FCC Mandates Changes In TV Technology, Again


The newest manifestation of this "we know better than the engineers and marketers" attitude is the FCC order issued last month requiring that by July 31, 2007, all 13-inch and larger color TVs be equipped with tuners capable of receiving digital TV broadcasts.

This is all too reminiscent of the congressional mandate that all TVs be equipped with both VHF and UHF tuners by 1964. That order was the result of demands by the new UHF broadcasters who were complaining they were unable to attract a big enough audience, as most sets of the time were VHF-only. What's more — and this may sound familiar — at the time the idea of "transitioning" all VHF broadcasters to UHF was also being kicked around.

The FCC, following Congress' orders and relying on assurances from one independent tuner manufacturer, established standards for UHF tuners that included a severe limit on RF radiation emissions.

As the deadline approached it became clear that the manufacturer would not be able to produce enough tuners for the entire industry, and that neither it, nor any of the other tuner makers, including TV manufacturers who made their own, would be able to meet the standards. The result was that while all sets did have UHF as well as VHS tuners, they were able to come to market only because the FCC granted waivers of the standard.

The waiver request became an almost annual event for several years. UHF broadcasters were still unsatisfied. In 1968 they demanded functional tuner equality. While VHF tuners were click-stop from channel to channel, most UHF tuners were smooth, like radio tuners. So in 1969 the FCC, again relying on the assurances of that same independent tuner maker, ordered that UHF tuners be click-stop too.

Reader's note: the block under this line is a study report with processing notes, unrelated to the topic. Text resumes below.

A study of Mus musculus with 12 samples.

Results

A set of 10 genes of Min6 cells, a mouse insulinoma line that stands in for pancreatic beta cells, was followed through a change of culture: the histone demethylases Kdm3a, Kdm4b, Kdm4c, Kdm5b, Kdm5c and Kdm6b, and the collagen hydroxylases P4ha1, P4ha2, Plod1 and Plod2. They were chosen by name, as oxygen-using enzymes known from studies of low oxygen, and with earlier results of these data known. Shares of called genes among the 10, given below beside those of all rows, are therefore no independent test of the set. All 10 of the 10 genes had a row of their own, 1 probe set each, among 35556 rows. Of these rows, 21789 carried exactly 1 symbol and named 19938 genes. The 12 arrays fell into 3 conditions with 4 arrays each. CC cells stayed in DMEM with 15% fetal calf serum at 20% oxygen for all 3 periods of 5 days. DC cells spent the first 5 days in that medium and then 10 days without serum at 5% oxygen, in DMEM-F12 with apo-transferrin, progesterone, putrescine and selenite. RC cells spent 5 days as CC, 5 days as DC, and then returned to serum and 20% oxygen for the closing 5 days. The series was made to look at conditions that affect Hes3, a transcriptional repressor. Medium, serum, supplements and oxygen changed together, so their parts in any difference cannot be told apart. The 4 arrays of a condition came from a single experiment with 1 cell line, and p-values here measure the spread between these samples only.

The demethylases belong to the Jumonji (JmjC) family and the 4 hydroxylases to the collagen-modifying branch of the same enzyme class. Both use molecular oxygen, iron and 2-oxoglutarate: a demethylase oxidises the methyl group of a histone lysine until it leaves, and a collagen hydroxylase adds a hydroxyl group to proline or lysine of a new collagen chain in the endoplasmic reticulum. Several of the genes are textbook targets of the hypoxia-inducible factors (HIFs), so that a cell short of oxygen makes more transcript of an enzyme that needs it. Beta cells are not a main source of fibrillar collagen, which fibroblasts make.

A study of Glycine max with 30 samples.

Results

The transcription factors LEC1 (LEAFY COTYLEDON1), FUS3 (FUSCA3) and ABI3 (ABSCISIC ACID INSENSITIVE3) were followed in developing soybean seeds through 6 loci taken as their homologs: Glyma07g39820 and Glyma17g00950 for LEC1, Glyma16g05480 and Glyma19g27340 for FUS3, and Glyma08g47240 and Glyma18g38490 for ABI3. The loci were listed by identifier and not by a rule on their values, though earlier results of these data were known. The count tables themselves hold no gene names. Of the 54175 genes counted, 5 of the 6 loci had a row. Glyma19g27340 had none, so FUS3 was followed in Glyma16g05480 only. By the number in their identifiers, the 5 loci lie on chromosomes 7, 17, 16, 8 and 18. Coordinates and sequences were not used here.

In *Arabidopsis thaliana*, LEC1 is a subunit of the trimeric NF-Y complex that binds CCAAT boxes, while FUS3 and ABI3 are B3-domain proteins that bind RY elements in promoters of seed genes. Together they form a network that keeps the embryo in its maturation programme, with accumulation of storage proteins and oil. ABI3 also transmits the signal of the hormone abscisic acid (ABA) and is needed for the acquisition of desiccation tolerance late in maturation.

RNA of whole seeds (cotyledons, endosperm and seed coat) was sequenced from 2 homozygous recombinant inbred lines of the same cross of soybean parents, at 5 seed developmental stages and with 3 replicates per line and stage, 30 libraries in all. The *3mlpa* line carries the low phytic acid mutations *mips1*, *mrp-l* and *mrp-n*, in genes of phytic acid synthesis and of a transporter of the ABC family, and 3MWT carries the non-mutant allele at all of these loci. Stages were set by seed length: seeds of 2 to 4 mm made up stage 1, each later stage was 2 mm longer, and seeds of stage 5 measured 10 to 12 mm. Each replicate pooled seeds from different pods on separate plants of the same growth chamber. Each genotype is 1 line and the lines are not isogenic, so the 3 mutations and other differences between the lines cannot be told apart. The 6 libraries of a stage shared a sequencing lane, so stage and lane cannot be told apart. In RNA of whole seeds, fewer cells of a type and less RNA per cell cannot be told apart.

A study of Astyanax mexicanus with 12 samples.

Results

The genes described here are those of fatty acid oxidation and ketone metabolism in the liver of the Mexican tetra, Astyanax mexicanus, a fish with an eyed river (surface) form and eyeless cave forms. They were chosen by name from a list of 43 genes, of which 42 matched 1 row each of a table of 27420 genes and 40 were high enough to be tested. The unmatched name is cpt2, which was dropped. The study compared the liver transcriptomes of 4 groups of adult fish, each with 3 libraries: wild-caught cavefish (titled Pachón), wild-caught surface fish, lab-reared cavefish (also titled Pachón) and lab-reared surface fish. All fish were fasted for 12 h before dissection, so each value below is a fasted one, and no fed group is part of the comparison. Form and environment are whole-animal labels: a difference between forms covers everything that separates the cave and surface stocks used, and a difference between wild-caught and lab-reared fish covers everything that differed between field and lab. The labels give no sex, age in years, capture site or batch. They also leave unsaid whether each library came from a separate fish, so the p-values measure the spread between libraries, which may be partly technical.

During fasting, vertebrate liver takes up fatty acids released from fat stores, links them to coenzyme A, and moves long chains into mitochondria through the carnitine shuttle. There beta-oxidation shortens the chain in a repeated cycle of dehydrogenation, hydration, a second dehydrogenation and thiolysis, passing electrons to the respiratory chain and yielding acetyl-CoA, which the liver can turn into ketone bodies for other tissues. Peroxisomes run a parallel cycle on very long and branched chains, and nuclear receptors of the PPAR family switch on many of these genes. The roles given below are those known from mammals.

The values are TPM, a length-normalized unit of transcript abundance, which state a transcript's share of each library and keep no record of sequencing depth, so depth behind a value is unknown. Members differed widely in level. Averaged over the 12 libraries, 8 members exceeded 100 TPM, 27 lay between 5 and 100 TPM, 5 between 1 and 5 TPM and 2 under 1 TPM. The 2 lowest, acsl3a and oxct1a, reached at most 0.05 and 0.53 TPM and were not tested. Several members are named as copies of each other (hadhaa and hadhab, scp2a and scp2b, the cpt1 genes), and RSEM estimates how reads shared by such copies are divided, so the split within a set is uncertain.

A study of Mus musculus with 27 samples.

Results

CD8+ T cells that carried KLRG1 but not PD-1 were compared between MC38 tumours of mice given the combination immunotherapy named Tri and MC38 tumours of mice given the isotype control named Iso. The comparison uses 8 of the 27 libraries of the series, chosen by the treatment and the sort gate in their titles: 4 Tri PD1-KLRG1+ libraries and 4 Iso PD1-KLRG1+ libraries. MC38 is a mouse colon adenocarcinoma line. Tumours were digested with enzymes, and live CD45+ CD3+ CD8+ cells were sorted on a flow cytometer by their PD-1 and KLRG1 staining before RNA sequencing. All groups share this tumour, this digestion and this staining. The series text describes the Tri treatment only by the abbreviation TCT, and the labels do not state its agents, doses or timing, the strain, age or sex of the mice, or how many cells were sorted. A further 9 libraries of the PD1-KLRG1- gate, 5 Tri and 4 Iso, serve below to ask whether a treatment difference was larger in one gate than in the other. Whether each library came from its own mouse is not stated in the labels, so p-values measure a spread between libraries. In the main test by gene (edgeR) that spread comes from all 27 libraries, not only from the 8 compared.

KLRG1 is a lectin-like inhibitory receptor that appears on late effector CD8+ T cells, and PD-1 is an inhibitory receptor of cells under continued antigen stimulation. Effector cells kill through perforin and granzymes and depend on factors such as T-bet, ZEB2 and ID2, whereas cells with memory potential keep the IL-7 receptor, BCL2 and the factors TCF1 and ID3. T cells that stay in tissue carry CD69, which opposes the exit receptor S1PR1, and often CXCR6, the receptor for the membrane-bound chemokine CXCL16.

Most communities only had one or two UHF stations, so the smooth tuning was fast and relatively simple. But a click-stopping from, say, channel 14 to channel 50 was a major pain in the wrist, and then you had to fine tune anyway. And of course the tuner makers couldn't deliver, and again waivers were needed.

Fortunately, the tuning issue was resolved in the 1970s with the emergence of electronic tuning.

That the FCC is correct that, down the line, digital tuners won't add anything like the $200 the industry is claiming, doesn't change the fact that the whole ruling is cockeyed. By staggering production requirements, the FCC is assuring that, unless the industry voluntarily speeds up adoption, fewer than half of all TV reception-capable products will have digital tuning before the final deadline. That lack of high-volume digital tuner production is a guarantee of a high price for the feature.

In arguing the need for the rule Chairman Michael Powell trips all over his statistics. He says "There are approximately 81 million television sets in the U.S." — over 30 percent of the total — "that are not connected to any subscription video service and rely solely on free, over-the-air broadcasting." He further states that 46.5 million are in over-air only homes and "34.5 million are in homes that subscribe to a multichannel video programming service." So which is it, they subscribe or they don't?

It also was made very clear by Powell that the hard and fast deadline of Dec. 31, 2006 for broadcasters to "transition" is far from etched in stone. Noting that this is "a government-mandated expiration date for analog TV broadcasting," Powell states firmly that "Someday, analog broadcasting will cease."

And as Snow White says, "Someday my prince will come."